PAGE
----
Scientists Created a Treatment That Can Make Skin Tan Without the Sun

You might not have to damage your skin to get a bronzed look. (Photo: Getty Images)

With the official start of summer just one week away, you probably already have your first beach trip planned. But before you risk damaging your skin in an attempt to get a tan, there might actually be a safe way to increase the pigmentation of your skin.

David E. Fisher, MD, PhD, and his team at Massachusetts General Hospital set out to tan skin while combating the risk of cancers and aging that can result from sun exposure — and it looks as if they’re well on their way. As a follow-up to a study released in 2006, Fisher and his team just came out with findings of an ingredient that may be applied topically to darken the appearance of human skin in a way that mimics the natural tanning process.

Yahoo Beauty spoke with Dr. Fisher about the reasons why these findings are so important. And while it’s no secret that many of us just want the glow (hello, tanning lotion) he emphasizes the greater value in stimulating melanin production.

“Dark pigment clearly is beneficial in preventing the photo aging phenomenon – the injury from ultraviolet radiation that causes our skin to look old,” he says. “It accelerates the aging process of our skin, and dark pigment appears to strongly antagonize that by multiple different mechanisms.”

The understanding that increased melanin in the skin is in fact valuable might not be new. However, using UV to stimulate the pigment’s response is so detrimental that the skin doesn’t actually reap the benefits of it. So once the team at MGH identified the processes that underly natural tanning, they began to work on discovering an ingredient that would safely produce the same response.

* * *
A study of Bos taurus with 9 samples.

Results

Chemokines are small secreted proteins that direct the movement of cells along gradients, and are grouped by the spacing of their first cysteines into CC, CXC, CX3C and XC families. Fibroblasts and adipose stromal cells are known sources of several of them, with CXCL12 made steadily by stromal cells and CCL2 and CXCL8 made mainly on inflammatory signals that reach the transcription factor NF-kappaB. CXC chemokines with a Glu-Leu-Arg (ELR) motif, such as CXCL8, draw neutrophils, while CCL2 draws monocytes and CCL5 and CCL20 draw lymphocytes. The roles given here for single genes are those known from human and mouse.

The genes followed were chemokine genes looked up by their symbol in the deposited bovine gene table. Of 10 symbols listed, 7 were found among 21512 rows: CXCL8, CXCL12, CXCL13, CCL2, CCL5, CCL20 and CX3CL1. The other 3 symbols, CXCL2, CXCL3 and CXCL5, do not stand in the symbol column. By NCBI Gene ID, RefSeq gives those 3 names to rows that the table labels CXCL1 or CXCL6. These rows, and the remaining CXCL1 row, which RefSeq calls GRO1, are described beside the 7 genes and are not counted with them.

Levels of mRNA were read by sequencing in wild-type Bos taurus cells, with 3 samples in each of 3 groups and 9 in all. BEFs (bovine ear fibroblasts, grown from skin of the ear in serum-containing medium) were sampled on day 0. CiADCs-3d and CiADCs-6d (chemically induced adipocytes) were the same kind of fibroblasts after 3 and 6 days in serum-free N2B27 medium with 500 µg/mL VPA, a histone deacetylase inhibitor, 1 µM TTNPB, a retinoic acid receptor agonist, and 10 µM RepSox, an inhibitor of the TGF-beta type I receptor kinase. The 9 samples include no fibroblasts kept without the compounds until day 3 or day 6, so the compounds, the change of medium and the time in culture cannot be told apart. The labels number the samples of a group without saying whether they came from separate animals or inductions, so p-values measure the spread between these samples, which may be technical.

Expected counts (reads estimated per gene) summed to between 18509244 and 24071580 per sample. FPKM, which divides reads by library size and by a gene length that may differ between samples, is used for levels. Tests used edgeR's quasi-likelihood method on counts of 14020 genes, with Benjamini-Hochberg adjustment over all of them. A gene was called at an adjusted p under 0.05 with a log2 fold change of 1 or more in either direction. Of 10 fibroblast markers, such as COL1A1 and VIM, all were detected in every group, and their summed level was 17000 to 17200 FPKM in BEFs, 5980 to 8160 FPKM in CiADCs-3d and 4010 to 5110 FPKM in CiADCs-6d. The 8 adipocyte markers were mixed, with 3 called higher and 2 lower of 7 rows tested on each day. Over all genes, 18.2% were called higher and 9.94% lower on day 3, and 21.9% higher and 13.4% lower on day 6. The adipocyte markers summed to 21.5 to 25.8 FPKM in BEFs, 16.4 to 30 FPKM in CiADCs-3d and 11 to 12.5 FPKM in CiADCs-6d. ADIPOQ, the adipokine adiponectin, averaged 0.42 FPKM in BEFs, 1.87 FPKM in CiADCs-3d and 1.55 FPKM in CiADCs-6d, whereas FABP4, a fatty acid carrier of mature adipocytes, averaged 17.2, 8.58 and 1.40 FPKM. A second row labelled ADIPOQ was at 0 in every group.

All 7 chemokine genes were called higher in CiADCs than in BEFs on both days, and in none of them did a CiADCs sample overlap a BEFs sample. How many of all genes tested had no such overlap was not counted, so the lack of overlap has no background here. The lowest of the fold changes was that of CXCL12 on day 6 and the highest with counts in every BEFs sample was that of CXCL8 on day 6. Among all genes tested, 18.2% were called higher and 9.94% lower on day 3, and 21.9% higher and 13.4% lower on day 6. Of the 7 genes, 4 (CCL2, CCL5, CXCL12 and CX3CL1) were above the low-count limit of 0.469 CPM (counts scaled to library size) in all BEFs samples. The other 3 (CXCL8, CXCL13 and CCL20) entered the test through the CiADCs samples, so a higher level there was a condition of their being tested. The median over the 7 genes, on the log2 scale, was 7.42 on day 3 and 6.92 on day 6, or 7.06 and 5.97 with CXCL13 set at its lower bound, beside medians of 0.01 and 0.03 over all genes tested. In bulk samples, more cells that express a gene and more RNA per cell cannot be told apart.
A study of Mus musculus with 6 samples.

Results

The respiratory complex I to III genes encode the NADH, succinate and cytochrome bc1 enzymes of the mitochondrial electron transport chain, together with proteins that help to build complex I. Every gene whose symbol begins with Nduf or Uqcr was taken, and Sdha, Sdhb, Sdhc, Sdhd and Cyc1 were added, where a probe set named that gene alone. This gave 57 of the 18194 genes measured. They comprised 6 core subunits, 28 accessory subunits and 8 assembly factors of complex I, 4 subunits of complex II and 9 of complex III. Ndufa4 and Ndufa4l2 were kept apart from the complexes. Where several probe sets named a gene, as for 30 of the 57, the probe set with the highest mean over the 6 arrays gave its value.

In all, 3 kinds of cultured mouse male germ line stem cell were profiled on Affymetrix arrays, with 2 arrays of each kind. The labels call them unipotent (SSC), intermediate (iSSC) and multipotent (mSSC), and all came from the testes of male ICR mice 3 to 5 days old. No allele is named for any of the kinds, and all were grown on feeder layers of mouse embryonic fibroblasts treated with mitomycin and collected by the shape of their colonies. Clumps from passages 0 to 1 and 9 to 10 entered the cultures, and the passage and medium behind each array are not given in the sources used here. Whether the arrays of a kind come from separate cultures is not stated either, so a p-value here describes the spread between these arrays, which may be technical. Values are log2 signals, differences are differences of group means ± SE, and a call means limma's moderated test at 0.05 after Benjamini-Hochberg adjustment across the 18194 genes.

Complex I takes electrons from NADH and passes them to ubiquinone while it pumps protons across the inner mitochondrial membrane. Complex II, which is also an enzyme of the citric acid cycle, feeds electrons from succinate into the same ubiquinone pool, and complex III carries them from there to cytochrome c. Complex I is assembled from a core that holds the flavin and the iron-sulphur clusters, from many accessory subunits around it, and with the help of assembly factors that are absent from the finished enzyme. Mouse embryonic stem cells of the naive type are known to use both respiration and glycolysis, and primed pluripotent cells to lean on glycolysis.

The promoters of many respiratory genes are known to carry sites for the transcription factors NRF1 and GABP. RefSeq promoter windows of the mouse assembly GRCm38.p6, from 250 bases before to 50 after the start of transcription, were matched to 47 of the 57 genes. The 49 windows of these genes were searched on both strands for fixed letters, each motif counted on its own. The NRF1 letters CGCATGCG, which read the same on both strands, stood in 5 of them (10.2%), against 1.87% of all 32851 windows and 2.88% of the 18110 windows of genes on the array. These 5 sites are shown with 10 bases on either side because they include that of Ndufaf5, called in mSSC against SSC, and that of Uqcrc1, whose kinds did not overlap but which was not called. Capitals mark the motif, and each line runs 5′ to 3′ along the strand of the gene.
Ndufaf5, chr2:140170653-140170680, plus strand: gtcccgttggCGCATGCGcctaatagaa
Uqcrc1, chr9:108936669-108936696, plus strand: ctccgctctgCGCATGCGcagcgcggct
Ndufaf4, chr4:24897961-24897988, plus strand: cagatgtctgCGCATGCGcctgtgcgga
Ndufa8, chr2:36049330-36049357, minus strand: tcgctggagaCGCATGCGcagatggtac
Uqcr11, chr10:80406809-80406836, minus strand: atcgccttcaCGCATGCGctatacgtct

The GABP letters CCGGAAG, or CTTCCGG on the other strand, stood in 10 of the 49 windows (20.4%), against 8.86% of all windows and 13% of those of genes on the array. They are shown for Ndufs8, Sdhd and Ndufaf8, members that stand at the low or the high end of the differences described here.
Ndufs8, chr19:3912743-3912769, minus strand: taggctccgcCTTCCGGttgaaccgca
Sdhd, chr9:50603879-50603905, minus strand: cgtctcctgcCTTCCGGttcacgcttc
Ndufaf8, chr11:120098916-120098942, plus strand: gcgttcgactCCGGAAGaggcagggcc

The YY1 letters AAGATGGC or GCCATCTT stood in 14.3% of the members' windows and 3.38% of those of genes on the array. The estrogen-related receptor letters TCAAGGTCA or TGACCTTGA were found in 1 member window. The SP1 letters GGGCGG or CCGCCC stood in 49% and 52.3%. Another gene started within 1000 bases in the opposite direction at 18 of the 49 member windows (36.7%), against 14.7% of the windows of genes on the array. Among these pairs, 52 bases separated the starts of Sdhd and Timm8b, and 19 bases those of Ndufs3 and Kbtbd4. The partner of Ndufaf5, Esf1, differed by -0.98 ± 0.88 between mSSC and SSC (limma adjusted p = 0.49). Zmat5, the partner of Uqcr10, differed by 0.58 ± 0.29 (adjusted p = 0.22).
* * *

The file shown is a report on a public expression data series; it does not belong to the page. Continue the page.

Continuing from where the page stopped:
The increased pigmentation of the skin above is a result of the tested inhibitor. (Photo: Nisma Mujahid and David E. Fisher, MD, PhD, Cutaneous Biology Research Center, Department of Dermatology, Massachusetts General Hospital)

“The way we went about this was to identify an ingredient that has the ability to target something in our skin which normally inhibits pigment production. So that by inhibiting the inhibitor, it allows pigment to be synthesized, without any of the damaging effects,” Fisher explains.

Although there is still testing to be done, Dr. Fisher anticipates that physical changes caused by the final product are expected to be gradual, taking a few days to darken the skin. However, just like a natural tan, the color will only begin to disappear as skin naturally sheds off. And although this sounds like an easy-out from both spray tans and sunblock, Dr. Fisher warns that the resulting product should always be used with sunscreen, and not in place of it.

“Sunscreen will always be useful for certain things,” he assures. “But dark pigment in addition to sunscreen may provide a whole dimension of protection.”